When it comes to power and how much is required to operate your van, it all comes down to simple mathematics. In this section, we tried to simplify how to grossly calculate how much power you need to operate your tools and equipment, either you use a generator, use your van's engine or plug in at your clients.
The following water analogy is pretty common, not perfect, but it will give you a good idea of how electricity works.
Abbreviation: Amps or the letter A, or the letter I in an equation.
Description: Electricity consists of the flow of electrons through a conductor such as an electric wire - think of electricity as the flow/volume of water through a pipe. We measure the flow of electricity as an electric current, and electric current is measured in Amps. The bigger the current, the more electricity is flowing.
North America standards: The regular domestic electric outlets are 15 Amps, sometimes 20 Amps.
Abbreviation: Volts or the letter V, and also the letter V in an equation.
Description: Electrical pressure is called Voltage. Volts are what makes the current flow in the first place, it's like a water pump that propels water through a pipe. It creates pressure in the pipe, causing the water to flow. Increasing the Voltage will make more current flow.
North America standards: The domestic supply is typically 120V (mains power is sometimes spoken of as 110V, however, 120V is the nominal voltage).
Abbreviation: Watts or the letter W, and also the letter W in an equation.
Description: Electrical power is measured in Watts, i.e. how much energy is released per second. In some cases, you'll see that some equipments specify the "starting" Watts and the "running" Watts. This is easily explained by the fact that some equipments need a surge of power to start (like an air conditioning), then regularize to a lower Wattage.
North America standards: It depends on the breaker amperage:
15A breaker: 120V x 15A = 1,800W
20A breaker: 120V x 20A = 2,400W
When reading specifications for your tools and equipment, some manufacturers will only give one or some of the parameters. In any case, here is the formula to help you figure out the possible missing data:
Volts (V) x Amps (I) = Watts (W)
HOW MUCH POWER DO YOU NEED?
Below is a list of the most common equipment aboard a grooming van. It might not be exactly what you have, but it will give you a good idea. It is impossible to list all brands, so many of these numbers are the industry average.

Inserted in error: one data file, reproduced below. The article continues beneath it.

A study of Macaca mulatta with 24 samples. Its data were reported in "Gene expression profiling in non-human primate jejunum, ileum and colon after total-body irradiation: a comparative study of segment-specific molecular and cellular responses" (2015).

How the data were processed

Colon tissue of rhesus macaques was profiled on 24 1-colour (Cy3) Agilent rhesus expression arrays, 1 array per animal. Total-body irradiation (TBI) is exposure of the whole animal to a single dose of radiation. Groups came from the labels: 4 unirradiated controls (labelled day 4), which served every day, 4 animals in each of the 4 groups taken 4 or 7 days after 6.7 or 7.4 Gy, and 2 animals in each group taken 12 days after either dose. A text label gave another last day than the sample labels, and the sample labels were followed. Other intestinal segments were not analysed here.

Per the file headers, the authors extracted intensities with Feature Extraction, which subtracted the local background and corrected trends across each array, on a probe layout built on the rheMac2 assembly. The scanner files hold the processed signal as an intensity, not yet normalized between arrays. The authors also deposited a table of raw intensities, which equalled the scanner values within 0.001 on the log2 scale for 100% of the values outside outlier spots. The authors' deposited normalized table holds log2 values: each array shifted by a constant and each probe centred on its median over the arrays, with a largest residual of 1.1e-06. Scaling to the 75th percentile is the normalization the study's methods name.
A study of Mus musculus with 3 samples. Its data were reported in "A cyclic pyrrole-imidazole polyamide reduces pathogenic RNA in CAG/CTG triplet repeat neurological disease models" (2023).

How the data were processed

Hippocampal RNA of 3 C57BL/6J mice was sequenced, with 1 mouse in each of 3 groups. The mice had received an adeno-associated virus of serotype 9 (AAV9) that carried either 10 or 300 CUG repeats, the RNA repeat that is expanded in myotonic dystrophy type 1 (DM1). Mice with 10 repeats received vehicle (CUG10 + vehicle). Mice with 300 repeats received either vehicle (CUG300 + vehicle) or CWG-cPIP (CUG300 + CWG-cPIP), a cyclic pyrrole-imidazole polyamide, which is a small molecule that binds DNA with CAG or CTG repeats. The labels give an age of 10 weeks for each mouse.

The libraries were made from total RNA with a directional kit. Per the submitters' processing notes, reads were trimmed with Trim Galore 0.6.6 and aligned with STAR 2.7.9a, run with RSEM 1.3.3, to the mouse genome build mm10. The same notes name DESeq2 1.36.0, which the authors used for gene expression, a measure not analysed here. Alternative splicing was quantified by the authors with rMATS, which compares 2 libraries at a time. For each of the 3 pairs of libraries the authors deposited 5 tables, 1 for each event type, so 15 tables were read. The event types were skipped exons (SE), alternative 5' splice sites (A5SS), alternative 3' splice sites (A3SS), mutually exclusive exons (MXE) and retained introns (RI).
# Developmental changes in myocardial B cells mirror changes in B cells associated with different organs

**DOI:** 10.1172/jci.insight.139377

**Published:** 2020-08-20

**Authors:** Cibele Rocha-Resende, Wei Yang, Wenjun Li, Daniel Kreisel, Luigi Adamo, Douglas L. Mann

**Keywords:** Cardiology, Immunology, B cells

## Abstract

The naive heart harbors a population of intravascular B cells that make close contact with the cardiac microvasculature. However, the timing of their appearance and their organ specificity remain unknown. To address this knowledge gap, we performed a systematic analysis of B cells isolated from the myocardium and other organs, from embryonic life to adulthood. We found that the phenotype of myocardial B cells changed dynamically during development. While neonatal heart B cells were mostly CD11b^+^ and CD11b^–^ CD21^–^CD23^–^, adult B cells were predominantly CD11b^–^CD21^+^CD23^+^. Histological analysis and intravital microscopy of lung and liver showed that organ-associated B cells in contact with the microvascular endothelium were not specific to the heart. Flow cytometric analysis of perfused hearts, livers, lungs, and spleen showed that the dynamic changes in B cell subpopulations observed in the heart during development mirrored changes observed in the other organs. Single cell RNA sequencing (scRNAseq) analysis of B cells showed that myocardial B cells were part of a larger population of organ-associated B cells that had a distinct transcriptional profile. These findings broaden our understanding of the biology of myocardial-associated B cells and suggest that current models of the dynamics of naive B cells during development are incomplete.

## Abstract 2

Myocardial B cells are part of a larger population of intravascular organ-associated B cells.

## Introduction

|AIR CONDITIONING||15,000 BTU||120V||Average 16A||3,500W for start up
1,500 to 1,950W running
|FANS||Regular RV ceiling vent||12V||Depends on speed 1.9 to 3A||24 to 36W|
Chris Christensen Kool Dry
XPOWER B-8 Elite Pro
4 to 9.7A running - 11.7A start up
1,350W start up - 1,025W running
|VACUUM||8 to 10 gallons ShopVac||120V||8.5 to 11.5A||1,020 to 1,375W|
|WATER PUMP||Average RV water pump||12V||9A||108W|
|WATER HEATER||If you use the electric back-up
instead of propane
|REFRIGERATOR||Average RV 3 cu. ft. mini-fridge||120V||5 to 8A||350 to 600W|
|MICRO-WAVE OVEN||450 Watt
|About 0.3A per tube
About 0.6A per meter
|About 32W per tube
About 7.2W per meter
|RADIO||Example for a satellite radio
and 2 speakers
|12V||5 to 10A||50 to 200W|
|BATTERIES/INVERTER||Example for nightly top up of
2 x Outback 2000 batteries
1 to 1.5A
120 to 180W
Using a diesel or gas generator
Most onboard generators in grooming vans are powerful enough to run several items concurrently - they usually allow 4,000 to 8,000W, so plenty of power to run many pieces of equipment simultaneously.
You should still add the Wattage of all the equipment you might run a the same time to make sure your generator can take the load.
Using the engine/alternator
This set-up is hard for us to give you numbers, because many variables can affect them:
Single or double alternator system?
Fast idle switch?
How many batteries?
And many other elements which can change the power you have access to.
Although it might sound like using this set-up is very powerful, well, it's not. The most you can get is an average of 20 Amps/2,400W.
You are not getting the power from the engine with this set-up, but rather the engine is used to charge a battery bank, therefore, the amount of energy you have access to is very limited and rapidly depleted. You can always idle your van's engine, but even then, the batteries can't be recharged fast enough for you to have access to ample reliable power like with a generator.
Plug-in at your clients
Most modern residential circuits in North America are 15 or 20 Amps (the breaker will be labeled either 15 or 20), so we're looking at a max load of either:
15A Breaker = 1,800W
120V x 15A = 1,800 Watts
20A Breaker = 2,400W
120V x 20A = 2,400 Watts
IMPORTANT: 1,800W or 2,400W before the breaker trips if the breaker is relatively new, older breakers will trip over a lower load.
Which means that whatever pieces of equipment that you want to run concurrently, cannot exceed a total of 1,800 or 2,400 Watts, depending on what is available at your client. A few more important notes to consider with this set-up:
If you run the air conditioning, there are VERY few other equipments that you can use at the same time, if any (maybe the clipper, lights, radio). You might not be able to run the air conditioning at all if your client only has a 15A breaker.
You can't run the air conditioning and a dryer at the same time (1,500W + 2,220W = 3,720W and the most you can have is 2,400W if your client has a 20A breaker).
The plug your client will allow you to use on site doesn't mean it is a dedicated circuit for you and your equipment. The client may already have household items plugged on that circuit, therefore leaving you even less than 1,800 or 2,400W to use.
Please visit our TYPES OF CONVERSIONS page for more details on each set-up.